Retail Imports Projected to Build Toward Summer

  • Despite lower cargo volumes, shipping lines are adding capacity vessels to routes between Asia and the U.S. West Coast.
  • Shipping lines adding super large-capacity vessels to Asia-U.S. routes will likely bring lower shipping rates.

Import cargo volume at the nation’s major retail container ports should see its traditional buildup toward the summer despite difficult comparisons with last year’s unusual patterns, according to the most recent monthly Global Port Tracker report released by the Washington, D.C.-headquartered National Retail Federation (NRF).
“Comparisons are still complicated because of last year’s situation at the West Coast ports but should clear up in the second half of the year,” said Jonathan Gold, NRF vice president for Supply Chain and Customs Policy. “Year-over-year numbers are skewed but on a monthly basis imports are building normally as the back-to-school season approaches.”

The Global Port Tracker covers container activity at the U.S. West Coast ports of Los Angeles, Long Beach, Oakland, Seattle, and Tacoma; New York/New Jersey, Norfolk, Charleston, Savannah, Port Everglades and Miami on the East Coast, and Houston on the Gulf Coast.
Those ports handled 1.5 million Twenty-Foot Equivalent Units (TEUs) in January, the latest month for which after-the-fact numbers are available. That was up 4.4 percent from December and 21.4 percent from unusually low figures in January 2015, the month before a new contract with dockworkers was signed to end a near-shutdown at West Coast ports.
February was estimated at 1.4 million TEU, up 17.1 percent from the same month in 2015 and also skewed by last year’s congestion.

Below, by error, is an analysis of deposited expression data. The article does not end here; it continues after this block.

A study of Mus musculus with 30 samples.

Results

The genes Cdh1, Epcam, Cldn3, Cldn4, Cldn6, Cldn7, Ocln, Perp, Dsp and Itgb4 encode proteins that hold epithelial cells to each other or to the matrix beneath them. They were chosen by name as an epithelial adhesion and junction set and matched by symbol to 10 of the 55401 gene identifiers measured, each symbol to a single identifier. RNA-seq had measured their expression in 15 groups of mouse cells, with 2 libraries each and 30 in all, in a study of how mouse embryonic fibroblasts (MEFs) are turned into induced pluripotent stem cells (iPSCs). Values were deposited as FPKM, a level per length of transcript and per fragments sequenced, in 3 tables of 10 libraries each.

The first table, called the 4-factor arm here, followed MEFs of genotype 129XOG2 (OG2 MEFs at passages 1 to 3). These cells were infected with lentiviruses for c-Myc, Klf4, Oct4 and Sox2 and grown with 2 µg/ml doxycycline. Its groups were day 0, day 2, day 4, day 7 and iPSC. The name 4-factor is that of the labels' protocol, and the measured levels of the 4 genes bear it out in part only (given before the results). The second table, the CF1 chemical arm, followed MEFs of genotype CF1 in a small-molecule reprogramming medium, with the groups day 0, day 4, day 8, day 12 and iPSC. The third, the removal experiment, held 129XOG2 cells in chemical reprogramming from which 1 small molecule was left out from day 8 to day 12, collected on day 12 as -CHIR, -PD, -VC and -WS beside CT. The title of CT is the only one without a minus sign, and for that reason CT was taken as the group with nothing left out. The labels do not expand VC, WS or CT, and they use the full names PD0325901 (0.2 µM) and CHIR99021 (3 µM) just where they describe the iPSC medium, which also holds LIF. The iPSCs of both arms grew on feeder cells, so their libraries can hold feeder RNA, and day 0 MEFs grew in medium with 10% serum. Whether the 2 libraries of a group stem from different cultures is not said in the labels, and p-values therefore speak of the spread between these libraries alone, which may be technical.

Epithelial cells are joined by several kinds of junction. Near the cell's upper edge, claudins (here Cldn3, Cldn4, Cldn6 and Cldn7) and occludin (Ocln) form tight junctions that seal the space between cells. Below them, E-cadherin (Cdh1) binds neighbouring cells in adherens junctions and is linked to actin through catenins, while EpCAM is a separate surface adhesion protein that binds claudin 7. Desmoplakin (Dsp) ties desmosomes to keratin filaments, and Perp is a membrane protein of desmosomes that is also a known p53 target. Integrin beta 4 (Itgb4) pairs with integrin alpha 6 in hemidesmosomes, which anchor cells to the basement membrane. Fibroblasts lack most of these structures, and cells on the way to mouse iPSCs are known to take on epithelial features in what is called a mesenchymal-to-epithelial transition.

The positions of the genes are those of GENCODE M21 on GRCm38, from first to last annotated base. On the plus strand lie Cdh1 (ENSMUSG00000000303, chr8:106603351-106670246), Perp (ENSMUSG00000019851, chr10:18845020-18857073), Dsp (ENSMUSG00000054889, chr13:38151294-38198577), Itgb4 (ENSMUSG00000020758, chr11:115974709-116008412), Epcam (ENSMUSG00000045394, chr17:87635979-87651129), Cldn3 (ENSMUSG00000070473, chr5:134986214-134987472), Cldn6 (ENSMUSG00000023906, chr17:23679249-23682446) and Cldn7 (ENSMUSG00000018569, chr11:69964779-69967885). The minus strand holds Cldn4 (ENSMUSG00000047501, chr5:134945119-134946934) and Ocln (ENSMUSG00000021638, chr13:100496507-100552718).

When the final figures are compiled, March is forecast at 1.35 million TEU, down 22.2 percent from the flood of traffic seen as the backlog of cargo began to move through ports at this time last year.

April is forecast at 1.49 million TEU, down 1.8 percent from last year; May at 1.56 million TEU, down 3.4 percent; June at 1.54 million TEU, down 1.6 percent; and July at 1.61 million TEU, down 0.4 percent.
According to the NRF forecast, the first half of 2016 is expected to total 8.8 million TEU, down 0.2 percent from the same period in 2015. Total volume for 2015 was 18.2 million TEU, up 5.4 percent from 2014.
With cargo volume down so far this year, recent decisions by major shipping lines to add new super-large capacity vessels to routes between Asia and the U.S. West Coast are likely to bring lower shipping rates at the risk of “chaos” in the balance between supply and demand, said Ben Hackett, head of Hackett Associates, which compiled the report.

“Does this make sense? Absolutely not,” he said. “It flies in the face of financial and economic wisdom and totally ignores the state of the freight market.”